Light schedule forces tightened rotation; Hardy to bullpen
Kansas City, Mo. — It’s back to the bullpen for a while for versatile Tigers lefty Blaine Hardy. This time, he is a victim of an uncommonly light stretch of scheduling.
“We are trying to keep the four guys somewhere near a five-day schedule,” manager Ron Gardenhire said before Wednesday's game. “Hardy will go back to the 'pen more often than not. We just have to keep those other guys throwing.
“With all these days off, it’s silly to give them all seven or eight days of rest.”
The Tigers are off Thursday, before playing a three-game series with the Indians this weekend at Comerica Park. They are off Monday. Then, after a two-game home set against the Reds, they have bookend off-days before (Aug. 2) and after (Aug. 9) a West Coast trip to Oakland and Anaheim.
“These guys need to pitch,” Gardenhire said. “They are so routine-oriented, when you get them out of their routine, it gets tough.”
The Tigers will use Mike Fiers, Francisco Liriano and Jordan Zimmermann against the Indians. Matthew Boyd, who started the finale Wednesday against the Royals, will pitch against the Reds on July 31.
Although it’s not set in stone, that rotation could remain in place, staying on a five-day schedule, up to Aug. 7 at Anaheim, before a fifth starter would be needed. The Tigers could either give Hardy a spot start, or use Liriano on four days of rest.
This, Gardenhire said, was not structured as a bridge to when Michael Fulmer returns from the disabled list. It was only to keep the top four starters on a five-day routine through the light schedule.
“No, we have no idea how long that’s going to be,” Gardenhire said. “With an oblique injury, you have to be really, really careful. He could feel great, get on the mound and then something could pop. We’re not going to take any chances.”
Matthew Boyd was pitching from the extreme third-base side of the pitching rubber on Wednesday — something he hadn't done all season. Clearly, he had found a way to get his fastball inside on right-handed hitters more consistently, right?
Wrong. It was about comfort, not pitch location.
"That mound wasn't good today," said Boyd, who allowed two runs in six innings and earned his first win since June 7. "It was really dry when we started out and it was kind of beating up my foot as the hole got dug."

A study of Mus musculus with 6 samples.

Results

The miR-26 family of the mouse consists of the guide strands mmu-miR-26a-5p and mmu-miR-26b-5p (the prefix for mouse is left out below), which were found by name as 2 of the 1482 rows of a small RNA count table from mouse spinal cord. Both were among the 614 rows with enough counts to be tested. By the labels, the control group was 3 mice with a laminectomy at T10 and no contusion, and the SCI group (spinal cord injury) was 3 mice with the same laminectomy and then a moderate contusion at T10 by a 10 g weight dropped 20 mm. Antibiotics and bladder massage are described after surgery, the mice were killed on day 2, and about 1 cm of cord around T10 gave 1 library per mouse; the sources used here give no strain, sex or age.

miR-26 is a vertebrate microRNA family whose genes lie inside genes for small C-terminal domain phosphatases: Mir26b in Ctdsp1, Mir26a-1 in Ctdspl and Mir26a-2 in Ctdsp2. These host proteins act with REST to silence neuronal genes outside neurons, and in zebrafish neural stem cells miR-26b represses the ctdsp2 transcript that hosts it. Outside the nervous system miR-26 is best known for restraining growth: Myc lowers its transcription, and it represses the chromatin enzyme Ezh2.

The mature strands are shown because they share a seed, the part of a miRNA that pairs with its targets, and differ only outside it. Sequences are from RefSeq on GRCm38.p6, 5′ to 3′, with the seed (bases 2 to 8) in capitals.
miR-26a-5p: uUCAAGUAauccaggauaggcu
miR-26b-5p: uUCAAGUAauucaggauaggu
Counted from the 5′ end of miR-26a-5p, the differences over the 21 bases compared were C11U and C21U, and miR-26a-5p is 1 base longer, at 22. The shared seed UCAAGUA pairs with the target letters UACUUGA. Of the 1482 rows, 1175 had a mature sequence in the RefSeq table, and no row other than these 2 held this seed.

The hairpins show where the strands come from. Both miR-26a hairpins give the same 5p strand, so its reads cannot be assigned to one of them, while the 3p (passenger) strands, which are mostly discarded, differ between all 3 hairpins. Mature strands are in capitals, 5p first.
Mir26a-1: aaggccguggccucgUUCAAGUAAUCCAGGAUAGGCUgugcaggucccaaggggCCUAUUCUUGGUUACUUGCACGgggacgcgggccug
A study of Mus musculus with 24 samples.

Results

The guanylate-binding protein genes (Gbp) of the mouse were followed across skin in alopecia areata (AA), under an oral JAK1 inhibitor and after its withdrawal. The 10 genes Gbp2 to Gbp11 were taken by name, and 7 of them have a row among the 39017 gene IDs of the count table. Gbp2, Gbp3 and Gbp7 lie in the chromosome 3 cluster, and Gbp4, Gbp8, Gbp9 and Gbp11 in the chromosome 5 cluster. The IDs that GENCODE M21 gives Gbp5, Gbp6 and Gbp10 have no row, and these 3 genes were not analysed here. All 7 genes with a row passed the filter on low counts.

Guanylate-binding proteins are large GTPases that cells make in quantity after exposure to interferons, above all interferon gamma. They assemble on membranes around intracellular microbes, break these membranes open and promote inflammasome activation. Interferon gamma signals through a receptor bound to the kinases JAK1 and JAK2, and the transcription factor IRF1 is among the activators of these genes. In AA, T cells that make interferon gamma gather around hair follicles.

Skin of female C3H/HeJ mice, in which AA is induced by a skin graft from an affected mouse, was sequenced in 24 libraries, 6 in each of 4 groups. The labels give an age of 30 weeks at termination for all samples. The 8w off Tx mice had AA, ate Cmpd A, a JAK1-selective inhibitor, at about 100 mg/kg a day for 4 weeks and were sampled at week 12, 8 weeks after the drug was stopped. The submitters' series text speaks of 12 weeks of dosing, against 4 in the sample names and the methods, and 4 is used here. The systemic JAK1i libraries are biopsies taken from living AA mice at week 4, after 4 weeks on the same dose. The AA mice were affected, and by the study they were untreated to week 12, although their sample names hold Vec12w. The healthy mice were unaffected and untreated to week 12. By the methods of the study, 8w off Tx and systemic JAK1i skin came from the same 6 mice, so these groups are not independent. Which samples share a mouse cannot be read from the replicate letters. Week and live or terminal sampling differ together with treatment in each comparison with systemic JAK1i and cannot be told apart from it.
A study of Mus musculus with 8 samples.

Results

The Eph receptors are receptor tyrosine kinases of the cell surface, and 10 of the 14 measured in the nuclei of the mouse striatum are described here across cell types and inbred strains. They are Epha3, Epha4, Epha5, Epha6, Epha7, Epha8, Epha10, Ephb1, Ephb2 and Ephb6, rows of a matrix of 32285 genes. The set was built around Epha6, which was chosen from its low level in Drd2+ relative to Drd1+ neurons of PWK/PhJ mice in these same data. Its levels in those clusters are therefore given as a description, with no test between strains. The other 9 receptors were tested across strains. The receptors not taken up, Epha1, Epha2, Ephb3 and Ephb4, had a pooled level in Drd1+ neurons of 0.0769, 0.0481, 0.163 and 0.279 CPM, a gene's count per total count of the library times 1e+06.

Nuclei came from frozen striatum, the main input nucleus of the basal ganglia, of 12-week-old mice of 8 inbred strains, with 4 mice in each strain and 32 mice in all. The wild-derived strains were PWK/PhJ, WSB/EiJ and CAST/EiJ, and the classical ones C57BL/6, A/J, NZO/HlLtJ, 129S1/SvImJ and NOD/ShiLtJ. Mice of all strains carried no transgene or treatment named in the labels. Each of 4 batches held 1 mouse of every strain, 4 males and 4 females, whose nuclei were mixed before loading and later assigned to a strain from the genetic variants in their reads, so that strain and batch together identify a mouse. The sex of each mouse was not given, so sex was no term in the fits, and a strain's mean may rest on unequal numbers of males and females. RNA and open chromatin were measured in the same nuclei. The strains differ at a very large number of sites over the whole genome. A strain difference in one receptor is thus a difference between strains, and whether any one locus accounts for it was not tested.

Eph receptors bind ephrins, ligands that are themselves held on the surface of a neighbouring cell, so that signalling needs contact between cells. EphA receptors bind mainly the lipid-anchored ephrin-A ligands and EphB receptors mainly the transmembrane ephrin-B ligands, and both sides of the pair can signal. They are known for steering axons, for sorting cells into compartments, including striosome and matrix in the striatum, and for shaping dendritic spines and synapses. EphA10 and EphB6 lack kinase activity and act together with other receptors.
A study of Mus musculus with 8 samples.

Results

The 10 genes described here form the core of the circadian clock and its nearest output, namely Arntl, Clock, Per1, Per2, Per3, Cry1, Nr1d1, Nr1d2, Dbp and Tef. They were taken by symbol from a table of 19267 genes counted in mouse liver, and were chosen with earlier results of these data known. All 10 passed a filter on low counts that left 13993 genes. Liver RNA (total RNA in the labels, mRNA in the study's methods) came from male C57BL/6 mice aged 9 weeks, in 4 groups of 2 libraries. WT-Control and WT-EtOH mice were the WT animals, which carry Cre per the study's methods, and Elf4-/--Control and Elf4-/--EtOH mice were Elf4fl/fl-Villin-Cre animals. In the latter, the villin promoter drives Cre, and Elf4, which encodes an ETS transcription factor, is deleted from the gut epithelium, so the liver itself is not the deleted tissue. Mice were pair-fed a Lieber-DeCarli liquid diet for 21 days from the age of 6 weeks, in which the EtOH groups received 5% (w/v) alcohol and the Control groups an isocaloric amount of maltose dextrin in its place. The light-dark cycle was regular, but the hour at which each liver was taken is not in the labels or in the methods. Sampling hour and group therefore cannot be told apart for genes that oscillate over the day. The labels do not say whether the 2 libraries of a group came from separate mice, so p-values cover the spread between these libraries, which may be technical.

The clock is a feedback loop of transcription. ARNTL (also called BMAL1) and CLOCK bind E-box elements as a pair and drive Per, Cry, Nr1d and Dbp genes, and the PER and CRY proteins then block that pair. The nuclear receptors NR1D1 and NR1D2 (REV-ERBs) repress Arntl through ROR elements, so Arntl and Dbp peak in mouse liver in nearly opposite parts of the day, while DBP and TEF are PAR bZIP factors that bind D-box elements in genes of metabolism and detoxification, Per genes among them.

He decided to make the third-base side of the rubber his because Royals starter Danny Duffy had already dug into the first-base side.
"That mound dried up really quickly," Boyd said. "What happens is, it puts a lot of pressure on your foot. It wasn't feeling too good."
He was very effective locating his fastball in on right-handed hitters, though. Did the positioning help at all?
"Yes and no," he said. "We're talking about a couple of inches here. It's not that big a deal. Sometimes you have to adapt."
Tit for tat
The game feature two extremely gifted and flamboyant shortstops — the Tigers' Jose Iglesias and the Royals' Alcides Escobar. They took turns one-upping each other late in the game.
First Iglesias robbed Escobar in the bottom of the seventh. He ranged deep into the hole at shortstop and somehow, with his momentum carrying him into left field, he was able jump and flip the ball to first base — with enough zip that it beat Escobar even after it bounced twice.
Escobar returned the favor in the top of the eighth. He fielded Iglesias' ball behind second base, made a 180-degree pivot and threw him out.
"That's what the game is supposed to be," Iglesias said. "I take a hit away from him. He takes one away from me. We're even."
Around the horn
The Tigers hadn't won a series against the Royals since June 27-29, 2017. They had gone 0-4-3 in the previous seven. It was just their third road series win of the season.
... Victor Martinez has 140 RBIs in his career against the Royals. He passes Jim Thome for second all-time. Only Paul Konerko (150) has more RBIs against the Royals.
... John Hicks was 0 for 13 before doubling in his first at-bat. He got two hits and was on base four times.